D.C. City Councilmember Jack Evans said it would be impossible to put an end to the disputes between Foggy Bottom residents and the University, and that some people will always be upset with GW regardless of its actions, in an interview with The Hatchet this week.
Evans, whose ward consists of downtown, Capitol Hill, Dupont and Foggy Bottom, said the problem he’s seen firsthand during his 15 years on the council shows no signs of going away.
“For the 15 years I’ve been here there’s been the struggle between the University purchasing properties and the community being adverse to that,” Evans said. “I have not solved the town-gown problem because it’s not solvable … whatever packed place you have in an urban environment with a university located there, you are always going to have these tensions between the two.”
However, Evans said that GW’s new Campus Plan proposal, an agreement between the University and the community that outlines GW’s development goals over the next 20 years and will be presented to the city this spring, has “potential” to decrease such tensions. The plan, released last week, focuses on increasing building density near the center of the campus away from the residential periphery and developing Square 54 across from the Foggy Bottom Metro for commercial, retail and residential purposes.
“It depends on how the University proceeds,” Evans said. “If they stay within the confines of what they are talking about then it probably could (improve relations). But there’s always some people who just hate the University, and they are not going to be satisfied no matter what you do.”
Evans had kind words for University President Stephen Joel Trachtenberg, whom he said “has done an excellent job” promoting GW and developing the campus over the past decade.
“What we’ve seen in Foggy Bottom, like we’ve seen in most parts of the city, is just enormous growth,” said Evans, who became vice chair of the 13-person council in 2001. “Some people would argue that that’s bad because it has impinged upon a residential neighborhood and some people would argue that it’s good for the city as it has certainly increased our tax base.”
While Evans’ ward may seem like a bustling area right now, it hasn’t always been that way. He said he remembers the way the District used to be when he became the Ward 2 representative 15 years ago. At the time the District, including Foggy Bottom, was in “a downward spiral” due to a nationwide economic recession. By 1995, Congress had to take over in order to help the city get its finances in order.
“What you had in the Foggy Bottom area was a neighborhood that in many ways was like the rest of the city,” Evans told The Hatchet. “Nothing was really happening.”
But despite his rough first few years on the council, Evans stuck it out. By 1998 – after he lost the Democratic nomination for mayor – he became chair of the council’s Committee on Finance and Revenue. Also that year, Anthony Williams began his reign as mayor and Linda Cropp became chair of the council – and that’s when things began to change, Evans said.
“We began to crawl back from literally the brink of bankruptcy to where we are today,” he said.
And that’s when Foggy Bottom started to become the place GW students know it as today.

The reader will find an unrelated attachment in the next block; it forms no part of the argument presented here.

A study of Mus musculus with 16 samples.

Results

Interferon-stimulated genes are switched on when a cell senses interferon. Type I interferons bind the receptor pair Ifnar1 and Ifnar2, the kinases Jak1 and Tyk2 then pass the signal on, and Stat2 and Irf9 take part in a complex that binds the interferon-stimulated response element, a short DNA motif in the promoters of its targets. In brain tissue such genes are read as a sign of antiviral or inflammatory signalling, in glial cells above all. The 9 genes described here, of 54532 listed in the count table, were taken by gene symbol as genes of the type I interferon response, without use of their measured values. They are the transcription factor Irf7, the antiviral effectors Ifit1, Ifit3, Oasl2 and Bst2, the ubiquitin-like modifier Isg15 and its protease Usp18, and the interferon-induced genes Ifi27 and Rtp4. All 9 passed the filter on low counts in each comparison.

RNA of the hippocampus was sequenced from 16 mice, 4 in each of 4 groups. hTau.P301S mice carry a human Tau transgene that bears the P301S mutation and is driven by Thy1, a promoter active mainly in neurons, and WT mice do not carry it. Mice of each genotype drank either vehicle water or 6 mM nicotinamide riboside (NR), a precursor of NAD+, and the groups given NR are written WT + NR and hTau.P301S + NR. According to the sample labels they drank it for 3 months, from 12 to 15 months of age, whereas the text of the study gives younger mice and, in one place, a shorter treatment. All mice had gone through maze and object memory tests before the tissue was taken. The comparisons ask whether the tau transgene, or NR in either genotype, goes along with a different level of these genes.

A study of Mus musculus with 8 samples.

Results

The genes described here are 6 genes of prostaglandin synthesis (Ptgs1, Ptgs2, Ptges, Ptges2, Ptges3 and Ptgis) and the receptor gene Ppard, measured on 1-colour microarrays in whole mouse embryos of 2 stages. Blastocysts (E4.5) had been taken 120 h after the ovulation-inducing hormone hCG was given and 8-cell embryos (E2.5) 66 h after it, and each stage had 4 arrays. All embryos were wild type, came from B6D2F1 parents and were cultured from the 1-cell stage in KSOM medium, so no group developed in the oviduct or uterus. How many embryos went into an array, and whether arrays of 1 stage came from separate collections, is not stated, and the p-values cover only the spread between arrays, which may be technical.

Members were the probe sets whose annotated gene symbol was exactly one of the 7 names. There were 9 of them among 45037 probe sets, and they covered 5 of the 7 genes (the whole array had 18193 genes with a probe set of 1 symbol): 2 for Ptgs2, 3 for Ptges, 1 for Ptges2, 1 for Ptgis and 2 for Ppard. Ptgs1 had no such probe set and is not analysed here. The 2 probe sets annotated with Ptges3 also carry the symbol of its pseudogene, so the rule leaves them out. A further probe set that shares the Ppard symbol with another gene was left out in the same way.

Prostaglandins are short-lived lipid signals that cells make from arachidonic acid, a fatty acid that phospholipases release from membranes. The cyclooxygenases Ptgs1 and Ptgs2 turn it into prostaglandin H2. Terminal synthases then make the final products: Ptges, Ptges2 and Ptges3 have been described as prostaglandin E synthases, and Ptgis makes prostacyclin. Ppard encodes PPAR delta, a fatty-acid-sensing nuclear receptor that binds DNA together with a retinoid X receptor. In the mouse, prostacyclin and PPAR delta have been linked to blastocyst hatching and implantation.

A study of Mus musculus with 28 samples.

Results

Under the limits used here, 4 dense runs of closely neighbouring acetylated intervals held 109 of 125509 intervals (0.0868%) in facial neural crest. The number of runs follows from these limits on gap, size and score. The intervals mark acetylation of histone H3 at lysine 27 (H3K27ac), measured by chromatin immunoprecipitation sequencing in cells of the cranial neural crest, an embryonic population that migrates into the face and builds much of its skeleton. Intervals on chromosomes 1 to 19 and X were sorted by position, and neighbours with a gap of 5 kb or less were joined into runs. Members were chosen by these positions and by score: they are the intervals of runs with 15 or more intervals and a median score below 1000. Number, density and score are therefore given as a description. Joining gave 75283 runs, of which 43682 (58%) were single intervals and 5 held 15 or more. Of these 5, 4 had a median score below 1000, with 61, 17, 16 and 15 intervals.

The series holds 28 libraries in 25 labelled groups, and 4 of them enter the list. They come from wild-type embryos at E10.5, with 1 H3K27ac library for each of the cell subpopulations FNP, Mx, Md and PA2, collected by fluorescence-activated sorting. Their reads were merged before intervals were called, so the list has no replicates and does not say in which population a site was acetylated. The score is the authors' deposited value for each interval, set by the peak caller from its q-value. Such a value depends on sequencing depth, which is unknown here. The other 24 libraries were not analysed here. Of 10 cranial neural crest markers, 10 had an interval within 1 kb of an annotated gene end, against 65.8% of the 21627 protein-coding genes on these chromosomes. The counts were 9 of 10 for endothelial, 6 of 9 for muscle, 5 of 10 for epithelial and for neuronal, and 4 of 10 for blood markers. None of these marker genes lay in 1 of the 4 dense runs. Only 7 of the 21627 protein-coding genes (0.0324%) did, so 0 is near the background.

“What you saw was a gradual change in Foggy Bottom where things that, frankly, I never thought would get built upon started to get built upon,” Evans said.
Development fever hit the neighborhood, and projects like the shops at 2000 Penn, the Ritz Carlton on 22nd Street, GW’s Health and Wellness Center and the new GW Hospital sprang up in the community.
In the past 15 years, Evans said that his major accomplishments in Foggy Bottom can be seen in the minutia of everyday life, including the improvement of city services for residents such as better police protection and making sure the trash is picked up.
“I think overall we have improved the quality of life of people living there,” he said.
And Evans said that he hopes to continue doing just that for at least the next few years. Evans announced early last year he would run for mayor, but then said in September he would instead run for chairman of the council. Evans said this week that he’s decided to just stay put.
“I’m not running for anything,” he said, adding that his term as Ward 2 council member does not expire for three more years. “I am just serving my term as the Ward 2 council member, and I won’t be running for mayor or the chair’s job.”
Evans said that he dropped out of both races because of family commitments. Evans became a single father in late 2003 when his wife, Noel Soderberg Evans, died of cancer, leaving him to raise their 7-year-old triplets.
“It’s just the wrong time for me to be out every night campaigning instead of being home and it just comes down to that,” he said. “Sometimes you have to make those choices and it’s a good choice. Years from now I will be glad I did it.”
He said that instead he is backing his longtime colleague Cropp, the council’s chair, as D.C.’s next mayor. Cropp and Evans have worked together over the past year to help bring the Washington Nationals to the District.
“We are at a time when the city needs an experienced hand at the helm and she can provide that,” he said. “I’ve worked with her closely over the last 15 years so I know her well and she’d be good.”
And three years down the line Evans said Ward 2 voters can expect to see his name on the ballot for his fifth re-election. He said he intends to remain a part of D.C. government “as long as I keep getting elected.”
This article appeared in the February 16, 2006 issue of the Hatchet.